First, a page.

युक्ती हीने विचारे तु धर्महानि प्रजायते

National Consultative Conference on: Traditional Cultural Expressions, IPRs & the Performing Arts

In view of the lingering chasm felt by the artistic community vis-à-vis the perceived complexities of the law, – brought to a head by the massive strides made in technology savvy and consumption, – the West Bengal National University of Juridical Sciences Kolkata, with the support of Hon’ble Vice Chancellor, Prof. (Dr.) N.K. Chakrabarti, and in collaboration with Unmute.help (a collaborative, artiste-owned, artiste-initiated free-access public platform for legal literacy and broad-spectrum knowledge resources required for performing artists and allied persons/bodies) – put together India’s first ever national consultative conference on Traditional Cultural Expressions, Intellectual Property Rights & the Performing Arts with a focus on Copyright Law and Ancillary Laws.

The conference, inaugurated by Mrs. Justice Prathiba M. Singh (Hon’ble Judge, Delhi High Court) and closed by Mr. Justice Sanjib Banerjee (Hon’ble Chief Justice, Meghalaya High Court) – was attended by experts from the field of Intellectual Property Law, as well as the performing arts community, and sought to provide a much-needed interface to the many voices from among the performing arts community with some of India’s leading legal minds, articulating concerns about rights, responsibilities and protections, with the ultimate aim of bringing about a genuine intersection between the arts and the law, – and opened up hitherto untapped, and more dedicated avenues of policy-level introspection and review.

The deliberations were flagged off by elucidating a few key fundamental concepts regarding both, tangible and intangible traditional cultural expressions (TCEs), and their interplay with Intellectual Property jurisprudence at both, the international and domestic levels. This was followed by diverse illustrations from the field encompassing domains such as, linguistics, poetry, music, dance, martial arts, textiles, garments, pottery, jewellery, methods of agriculture, horticulture, weaving, scripting, painting, and a variety of artistic and artisanal expressions.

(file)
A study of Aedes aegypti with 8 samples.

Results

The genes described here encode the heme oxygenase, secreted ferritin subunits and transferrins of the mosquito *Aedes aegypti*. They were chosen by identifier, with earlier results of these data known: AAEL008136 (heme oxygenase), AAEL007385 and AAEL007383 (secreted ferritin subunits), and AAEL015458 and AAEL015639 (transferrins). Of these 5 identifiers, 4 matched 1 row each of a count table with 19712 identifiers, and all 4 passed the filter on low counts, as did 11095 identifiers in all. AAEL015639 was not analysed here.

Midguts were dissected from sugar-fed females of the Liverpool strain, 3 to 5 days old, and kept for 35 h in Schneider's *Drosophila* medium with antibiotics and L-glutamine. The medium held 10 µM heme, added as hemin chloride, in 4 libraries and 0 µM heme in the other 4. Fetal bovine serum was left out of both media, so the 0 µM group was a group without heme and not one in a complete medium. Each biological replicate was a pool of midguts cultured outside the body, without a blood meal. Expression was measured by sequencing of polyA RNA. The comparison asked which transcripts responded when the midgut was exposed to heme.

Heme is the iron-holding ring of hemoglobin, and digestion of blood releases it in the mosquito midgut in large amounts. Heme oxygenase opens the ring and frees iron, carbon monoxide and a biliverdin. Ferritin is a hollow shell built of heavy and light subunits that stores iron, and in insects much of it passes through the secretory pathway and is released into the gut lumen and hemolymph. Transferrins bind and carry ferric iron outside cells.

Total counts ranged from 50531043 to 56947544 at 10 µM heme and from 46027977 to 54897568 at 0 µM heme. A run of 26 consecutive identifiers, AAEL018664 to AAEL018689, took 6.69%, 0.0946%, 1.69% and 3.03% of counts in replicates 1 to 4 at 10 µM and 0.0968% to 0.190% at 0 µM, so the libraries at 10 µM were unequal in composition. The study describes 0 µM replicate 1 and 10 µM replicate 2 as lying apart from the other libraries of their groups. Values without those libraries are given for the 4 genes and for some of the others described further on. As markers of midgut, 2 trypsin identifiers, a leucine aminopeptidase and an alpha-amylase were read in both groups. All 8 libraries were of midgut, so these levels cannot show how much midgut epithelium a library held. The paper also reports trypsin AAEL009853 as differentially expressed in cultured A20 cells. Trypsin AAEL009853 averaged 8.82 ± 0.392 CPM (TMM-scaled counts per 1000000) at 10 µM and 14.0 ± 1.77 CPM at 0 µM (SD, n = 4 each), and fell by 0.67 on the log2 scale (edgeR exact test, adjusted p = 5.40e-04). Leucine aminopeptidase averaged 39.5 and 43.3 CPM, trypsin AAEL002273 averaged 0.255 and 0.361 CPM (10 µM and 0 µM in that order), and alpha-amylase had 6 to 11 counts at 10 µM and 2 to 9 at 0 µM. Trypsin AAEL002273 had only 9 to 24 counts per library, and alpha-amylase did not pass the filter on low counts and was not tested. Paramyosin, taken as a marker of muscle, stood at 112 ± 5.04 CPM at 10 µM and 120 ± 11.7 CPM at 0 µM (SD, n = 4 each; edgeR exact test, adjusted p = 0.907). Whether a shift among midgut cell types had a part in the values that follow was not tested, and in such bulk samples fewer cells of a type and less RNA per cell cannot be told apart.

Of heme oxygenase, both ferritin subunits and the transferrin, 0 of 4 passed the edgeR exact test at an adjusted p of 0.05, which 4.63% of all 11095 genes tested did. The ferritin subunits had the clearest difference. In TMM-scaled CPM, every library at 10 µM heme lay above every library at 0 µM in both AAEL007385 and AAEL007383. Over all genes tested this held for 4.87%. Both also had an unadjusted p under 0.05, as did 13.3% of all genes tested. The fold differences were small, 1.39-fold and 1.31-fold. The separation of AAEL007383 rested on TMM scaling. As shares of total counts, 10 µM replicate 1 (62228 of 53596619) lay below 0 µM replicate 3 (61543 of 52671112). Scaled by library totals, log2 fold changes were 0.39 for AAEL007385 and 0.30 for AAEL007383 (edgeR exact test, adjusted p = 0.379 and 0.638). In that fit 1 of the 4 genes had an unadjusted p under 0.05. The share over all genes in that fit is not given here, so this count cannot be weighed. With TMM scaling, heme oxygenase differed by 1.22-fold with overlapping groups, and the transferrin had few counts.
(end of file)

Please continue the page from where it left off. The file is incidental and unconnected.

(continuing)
Concerns were raised regarding the perceived silences in the law (and its enforcement) with respect to the issue of equitable attribution of credit and remuneration to the traditional custodians of these art forms. Towards this end, multi-pronged recommendations were made for the way ahead, and for every level from conception to realisation, ranging from generating greater awareness & legal literacy among the masses by demystifying the language of the law, to streamlining the existing system by judiciously inserting in-built checks & balances, to putting together a Creative Commons bespoke for India’s needs, to advocating for instituting a National Intellectual Property Enforcement Authority.

The conference closed with a unanimous consensus on the need for re-envisioning the nation’s cultural policy, predicated on a foundation of unimpeachable core ethics.